Image Of Toyota Camry

When the Toyota Camry was first exported to the United States of America in 1983 it was a bit of a flop. The buyers there considered it underpowered, too small, and, perhaps worst of all, not American.

It had been preceded by the Corona; Americans found this cheap but not to their taste. The Camry on the other hand was front wheel drive, bigger, more powerful and much more plush internally. America was still however import phobic and just 50,000 were sold that year. Not many considering the hopes of Toyota.

Toyota did not give up. The package was fine tuned to suit American tastes. Engines got bigger. The car became more refined, more luxurious. It was developing into a very smooth, well equipped and quiet running car. Perhaps most important of all it was better built and more reliable than anything that was coming from Detroit; a city that was perhaps deservedly about to lose it's title of 'Motor City'.

In 1992 Toyota offered an even bigger Camry with a three litre V6 engine, and an automatic gearbox; but this time it was built in the United States in Kentucky. The new plant there churned out as many cars as it could produce and that year it was the fifth best selling car in the whole of America.

Toyota kept on improving the car, adding more power, more luxury. By 1997 they finally made it; it was the best selling car in the United States. It has been a successful car in America ever since, because not only is it a very good car compared to anything else that American manufacturers can produce, but also because the components that make up the Camry are more than 80 percent made in America; a proportion that is higher than any other car.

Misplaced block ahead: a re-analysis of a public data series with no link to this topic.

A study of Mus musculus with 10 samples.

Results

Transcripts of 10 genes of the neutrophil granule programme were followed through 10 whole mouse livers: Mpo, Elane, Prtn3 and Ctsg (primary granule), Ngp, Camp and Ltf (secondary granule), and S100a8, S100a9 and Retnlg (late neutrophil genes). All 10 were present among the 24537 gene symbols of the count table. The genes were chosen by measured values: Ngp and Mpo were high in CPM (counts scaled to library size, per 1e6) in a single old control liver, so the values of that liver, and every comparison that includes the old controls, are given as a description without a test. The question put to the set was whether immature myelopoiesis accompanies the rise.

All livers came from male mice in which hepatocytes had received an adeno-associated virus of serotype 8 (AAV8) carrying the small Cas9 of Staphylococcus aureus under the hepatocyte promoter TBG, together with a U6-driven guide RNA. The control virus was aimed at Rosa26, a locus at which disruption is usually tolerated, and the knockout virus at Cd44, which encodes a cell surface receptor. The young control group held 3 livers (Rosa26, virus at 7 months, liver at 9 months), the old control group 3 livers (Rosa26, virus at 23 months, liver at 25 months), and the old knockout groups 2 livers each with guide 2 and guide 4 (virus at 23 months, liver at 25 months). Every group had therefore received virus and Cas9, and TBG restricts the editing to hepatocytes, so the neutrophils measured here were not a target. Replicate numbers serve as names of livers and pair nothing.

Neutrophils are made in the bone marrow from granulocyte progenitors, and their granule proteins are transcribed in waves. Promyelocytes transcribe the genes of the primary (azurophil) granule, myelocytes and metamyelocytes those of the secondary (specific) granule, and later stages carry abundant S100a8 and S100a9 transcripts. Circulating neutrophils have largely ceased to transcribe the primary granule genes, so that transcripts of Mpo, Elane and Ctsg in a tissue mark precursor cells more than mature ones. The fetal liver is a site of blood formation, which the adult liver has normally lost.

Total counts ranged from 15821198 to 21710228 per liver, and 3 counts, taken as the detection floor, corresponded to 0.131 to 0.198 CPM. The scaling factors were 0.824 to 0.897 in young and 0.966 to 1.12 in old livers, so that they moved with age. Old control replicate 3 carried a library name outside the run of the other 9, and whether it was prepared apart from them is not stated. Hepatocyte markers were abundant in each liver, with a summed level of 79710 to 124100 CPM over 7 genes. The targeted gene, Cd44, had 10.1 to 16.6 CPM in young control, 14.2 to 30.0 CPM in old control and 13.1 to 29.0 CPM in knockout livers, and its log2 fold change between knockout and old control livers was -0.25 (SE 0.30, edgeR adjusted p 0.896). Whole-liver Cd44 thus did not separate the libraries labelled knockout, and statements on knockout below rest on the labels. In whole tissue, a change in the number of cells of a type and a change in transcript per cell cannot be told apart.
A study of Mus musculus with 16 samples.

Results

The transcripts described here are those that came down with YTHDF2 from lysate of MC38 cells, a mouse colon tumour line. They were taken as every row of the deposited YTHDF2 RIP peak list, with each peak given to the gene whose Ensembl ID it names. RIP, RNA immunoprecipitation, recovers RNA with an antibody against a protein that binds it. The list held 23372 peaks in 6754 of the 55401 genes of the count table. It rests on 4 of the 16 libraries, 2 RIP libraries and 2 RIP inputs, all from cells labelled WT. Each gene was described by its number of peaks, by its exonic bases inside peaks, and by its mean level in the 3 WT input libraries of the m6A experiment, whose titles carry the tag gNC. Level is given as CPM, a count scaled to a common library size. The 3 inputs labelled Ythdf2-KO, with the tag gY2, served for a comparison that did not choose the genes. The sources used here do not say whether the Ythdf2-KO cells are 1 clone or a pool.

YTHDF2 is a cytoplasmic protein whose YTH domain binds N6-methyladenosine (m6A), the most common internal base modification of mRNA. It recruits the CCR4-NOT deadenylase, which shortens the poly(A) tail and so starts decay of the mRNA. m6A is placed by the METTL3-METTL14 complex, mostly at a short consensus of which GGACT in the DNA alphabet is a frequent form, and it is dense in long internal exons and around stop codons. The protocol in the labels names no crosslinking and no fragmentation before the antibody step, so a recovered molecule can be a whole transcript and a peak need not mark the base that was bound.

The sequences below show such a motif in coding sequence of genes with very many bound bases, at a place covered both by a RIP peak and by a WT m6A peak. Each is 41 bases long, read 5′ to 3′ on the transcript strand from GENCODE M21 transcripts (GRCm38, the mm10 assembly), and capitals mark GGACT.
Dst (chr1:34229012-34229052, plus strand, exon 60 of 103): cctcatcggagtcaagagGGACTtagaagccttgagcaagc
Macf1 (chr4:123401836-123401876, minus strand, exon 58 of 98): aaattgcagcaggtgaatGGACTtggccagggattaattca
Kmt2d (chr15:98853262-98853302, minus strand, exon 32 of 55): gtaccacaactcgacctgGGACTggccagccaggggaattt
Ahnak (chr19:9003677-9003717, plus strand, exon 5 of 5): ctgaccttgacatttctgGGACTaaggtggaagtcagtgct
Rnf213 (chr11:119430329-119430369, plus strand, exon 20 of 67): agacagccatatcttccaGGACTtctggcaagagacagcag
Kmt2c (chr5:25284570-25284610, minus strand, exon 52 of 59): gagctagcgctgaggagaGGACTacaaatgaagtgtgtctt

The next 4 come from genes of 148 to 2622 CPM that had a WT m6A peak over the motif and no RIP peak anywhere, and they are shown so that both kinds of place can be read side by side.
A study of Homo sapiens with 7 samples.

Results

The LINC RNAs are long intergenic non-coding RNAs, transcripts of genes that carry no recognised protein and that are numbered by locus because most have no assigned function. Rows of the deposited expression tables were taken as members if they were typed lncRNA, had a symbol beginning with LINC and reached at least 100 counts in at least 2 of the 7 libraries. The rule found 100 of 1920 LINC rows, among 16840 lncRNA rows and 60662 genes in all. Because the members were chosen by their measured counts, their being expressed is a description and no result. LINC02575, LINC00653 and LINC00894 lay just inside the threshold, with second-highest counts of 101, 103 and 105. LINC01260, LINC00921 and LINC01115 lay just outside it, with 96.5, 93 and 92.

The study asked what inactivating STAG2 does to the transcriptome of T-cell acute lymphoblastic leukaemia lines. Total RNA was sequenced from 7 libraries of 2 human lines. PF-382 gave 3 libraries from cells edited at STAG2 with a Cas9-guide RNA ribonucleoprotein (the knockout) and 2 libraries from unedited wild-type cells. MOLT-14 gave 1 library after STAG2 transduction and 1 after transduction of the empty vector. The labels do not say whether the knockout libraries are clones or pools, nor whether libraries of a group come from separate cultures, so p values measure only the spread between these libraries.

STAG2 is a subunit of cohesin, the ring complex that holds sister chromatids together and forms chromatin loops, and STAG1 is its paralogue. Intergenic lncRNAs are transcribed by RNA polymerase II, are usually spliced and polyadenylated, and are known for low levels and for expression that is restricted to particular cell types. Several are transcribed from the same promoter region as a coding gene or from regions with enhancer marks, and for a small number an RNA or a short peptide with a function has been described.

Japan's dominance of the USA car market has offen been explained by the oil crisis of 1973 and 1979. These forced American manufacturers to reconsider the wisdom of building big powerful gas guzzlers and instead switch to smaller, more compact and fuel efficient vehicles. The Japanese however were already doing just that, and they had a considerable head start. Could it be though that those same American manufacturers were uncompetitive, less interested in quality control than they should have been and too fond of planned obsolescence?